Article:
As someone who can remember Maserati being all but dead and buried in the early 1990s, I find it quite hard to get my head around the idea of Maserati shifting 50,000 cars a year by 2015. However, if you look at the business case with any conviction, it actually begins to make sense.
Why? Because the targets Maserati is setting itself aren’t, in fact, all that ambitious. By 2015 Maserati will have the following models on sale across the globe: the latest Quattroporte, a new BMW 5-series rival called the Ghibli, a Porsche Cayenne rival called the Levante plus, we now firmly believe, a mid-engined Porsche 911 rival based on the forthcoming Alfa Romeo 4C, which may or may not be called the GranSport.
Even if the much-valued Chinese market begins to flatline before 2015, this means Maserati will have four distinctly separate models to call upon, all of which will be as fresh as newly laid snow in terms of design appeal come 2015, and all of which will have the potential to do well.
The Quattroporte is virtually guaranteed to succeed in China, which is already Maserati’s second-biggest market after North America. The Ghibli, on the other hand, is bound to do well in North America to begin with and could even begin to appeal in China, too, if the average Chinese driver’s tastes shift slightly toward cars that aren’t always 100 feet long.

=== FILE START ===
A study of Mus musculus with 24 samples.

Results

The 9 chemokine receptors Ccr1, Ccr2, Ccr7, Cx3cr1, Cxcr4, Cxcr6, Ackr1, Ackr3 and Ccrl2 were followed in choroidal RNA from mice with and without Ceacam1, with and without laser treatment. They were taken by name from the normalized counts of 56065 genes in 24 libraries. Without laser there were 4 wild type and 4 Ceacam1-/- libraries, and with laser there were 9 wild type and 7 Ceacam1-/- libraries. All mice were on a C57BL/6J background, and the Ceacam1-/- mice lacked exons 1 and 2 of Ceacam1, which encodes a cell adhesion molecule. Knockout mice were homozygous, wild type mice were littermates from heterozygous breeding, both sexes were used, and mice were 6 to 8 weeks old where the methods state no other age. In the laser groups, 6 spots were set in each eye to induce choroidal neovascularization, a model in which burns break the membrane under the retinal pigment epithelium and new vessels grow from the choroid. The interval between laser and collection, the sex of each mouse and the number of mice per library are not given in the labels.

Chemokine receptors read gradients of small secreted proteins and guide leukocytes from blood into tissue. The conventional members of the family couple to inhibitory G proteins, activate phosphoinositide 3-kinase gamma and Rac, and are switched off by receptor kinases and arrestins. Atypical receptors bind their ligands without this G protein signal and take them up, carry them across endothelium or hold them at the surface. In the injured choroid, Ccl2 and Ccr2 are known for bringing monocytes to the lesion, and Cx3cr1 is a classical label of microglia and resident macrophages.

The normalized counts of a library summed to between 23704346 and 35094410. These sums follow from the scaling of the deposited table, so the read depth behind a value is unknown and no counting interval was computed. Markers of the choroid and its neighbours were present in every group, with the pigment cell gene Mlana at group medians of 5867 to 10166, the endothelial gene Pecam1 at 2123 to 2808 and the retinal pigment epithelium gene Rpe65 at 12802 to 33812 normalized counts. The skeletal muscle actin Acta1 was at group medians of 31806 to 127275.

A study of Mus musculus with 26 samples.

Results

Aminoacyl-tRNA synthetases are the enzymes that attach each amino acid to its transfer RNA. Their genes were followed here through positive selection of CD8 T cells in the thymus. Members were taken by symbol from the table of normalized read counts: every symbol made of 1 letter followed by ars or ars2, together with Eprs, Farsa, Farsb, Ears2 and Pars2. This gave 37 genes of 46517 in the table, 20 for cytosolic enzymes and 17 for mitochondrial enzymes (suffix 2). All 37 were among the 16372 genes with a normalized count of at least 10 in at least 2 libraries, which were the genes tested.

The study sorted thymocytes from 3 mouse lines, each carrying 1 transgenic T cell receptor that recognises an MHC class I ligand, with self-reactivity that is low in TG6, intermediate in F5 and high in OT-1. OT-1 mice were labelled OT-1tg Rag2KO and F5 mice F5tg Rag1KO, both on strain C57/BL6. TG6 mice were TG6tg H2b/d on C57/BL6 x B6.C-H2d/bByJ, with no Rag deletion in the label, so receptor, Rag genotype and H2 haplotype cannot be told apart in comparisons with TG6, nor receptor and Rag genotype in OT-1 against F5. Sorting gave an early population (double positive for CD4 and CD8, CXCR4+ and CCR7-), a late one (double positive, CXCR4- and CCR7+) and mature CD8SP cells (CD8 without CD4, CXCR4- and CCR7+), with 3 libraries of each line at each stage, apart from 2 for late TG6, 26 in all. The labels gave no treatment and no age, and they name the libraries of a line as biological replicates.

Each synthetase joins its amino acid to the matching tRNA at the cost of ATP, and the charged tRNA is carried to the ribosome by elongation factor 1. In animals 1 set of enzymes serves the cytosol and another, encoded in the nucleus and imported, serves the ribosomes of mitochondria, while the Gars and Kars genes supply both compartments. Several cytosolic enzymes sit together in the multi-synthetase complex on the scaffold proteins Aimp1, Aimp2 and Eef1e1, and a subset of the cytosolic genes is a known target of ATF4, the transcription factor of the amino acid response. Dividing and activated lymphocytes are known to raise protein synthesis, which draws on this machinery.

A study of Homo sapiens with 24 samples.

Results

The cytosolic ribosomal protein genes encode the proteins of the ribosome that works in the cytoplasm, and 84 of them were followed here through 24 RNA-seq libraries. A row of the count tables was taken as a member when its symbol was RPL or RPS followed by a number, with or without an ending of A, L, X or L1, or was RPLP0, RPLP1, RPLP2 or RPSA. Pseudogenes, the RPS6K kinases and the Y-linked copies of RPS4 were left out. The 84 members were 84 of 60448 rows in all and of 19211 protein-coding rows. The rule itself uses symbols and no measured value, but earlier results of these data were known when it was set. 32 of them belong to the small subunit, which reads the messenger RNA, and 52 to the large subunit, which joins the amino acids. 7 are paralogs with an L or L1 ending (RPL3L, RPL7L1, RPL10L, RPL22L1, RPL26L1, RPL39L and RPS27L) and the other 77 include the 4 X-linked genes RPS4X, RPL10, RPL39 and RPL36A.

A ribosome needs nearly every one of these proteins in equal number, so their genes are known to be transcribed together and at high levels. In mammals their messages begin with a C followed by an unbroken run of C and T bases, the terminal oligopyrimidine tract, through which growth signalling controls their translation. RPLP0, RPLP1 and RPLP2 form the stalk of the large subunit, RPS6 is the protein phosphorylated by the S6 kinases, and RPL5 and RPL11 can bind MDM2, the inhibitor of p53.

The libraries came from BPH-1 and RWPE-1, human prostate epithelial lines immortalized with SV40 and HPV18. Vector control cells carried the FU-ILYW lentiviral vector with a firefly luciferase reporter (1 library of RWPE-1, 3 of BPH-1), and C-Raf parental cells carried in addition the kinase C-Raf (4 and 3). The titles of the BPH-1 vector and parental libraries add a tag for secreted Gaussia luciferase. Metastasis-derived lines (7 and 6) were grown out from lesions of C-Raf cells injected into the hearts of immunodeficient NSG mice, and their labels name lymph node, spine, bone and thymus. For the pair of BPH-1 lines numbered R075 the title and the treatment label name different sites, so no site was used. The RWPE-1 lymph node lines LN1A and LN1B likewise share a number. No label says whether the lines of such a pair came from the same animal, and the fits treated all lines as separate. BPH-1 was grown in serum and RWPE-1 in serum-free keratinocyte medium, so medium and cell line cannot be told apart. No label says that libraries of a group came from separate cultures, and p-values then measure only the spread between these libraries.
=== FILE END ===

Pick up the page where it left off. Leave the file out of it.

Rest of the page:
But it’s the Levante SUV that surely has the most potential to up-end the apple cart and deliver the best results for Maserati, not just in the United States but globally and especially in the Middle East. And that’s to say nothing of the much-mooted mid-engined sports car, which has the potential to pinch sales not just from the lower ranks of the Ferrari 458 Italia arena but from the higher end of the Porsche 911 market as well.
In light of which, Harald J Wester’s plan to sell 50,000 Maseratis every 12 months by 2015 doesn’t sound like hyperbole at all. "Put it this way," he said to me at the launch of the new Quattroporte last week. "If we don’t succeed, I’ll lose my job. And I have absolutely no intention of doing that."
So what do you think? Is he, are they (the Fiat brass) deluded in their intentions to increase Maserati’s output tenfold at a time when, in Europe at least, the beginning of the end feels like it might be just around the next corner?
Or does it make as much sense to you as it does to me, attempting to do something so bold, precisely at this point in time?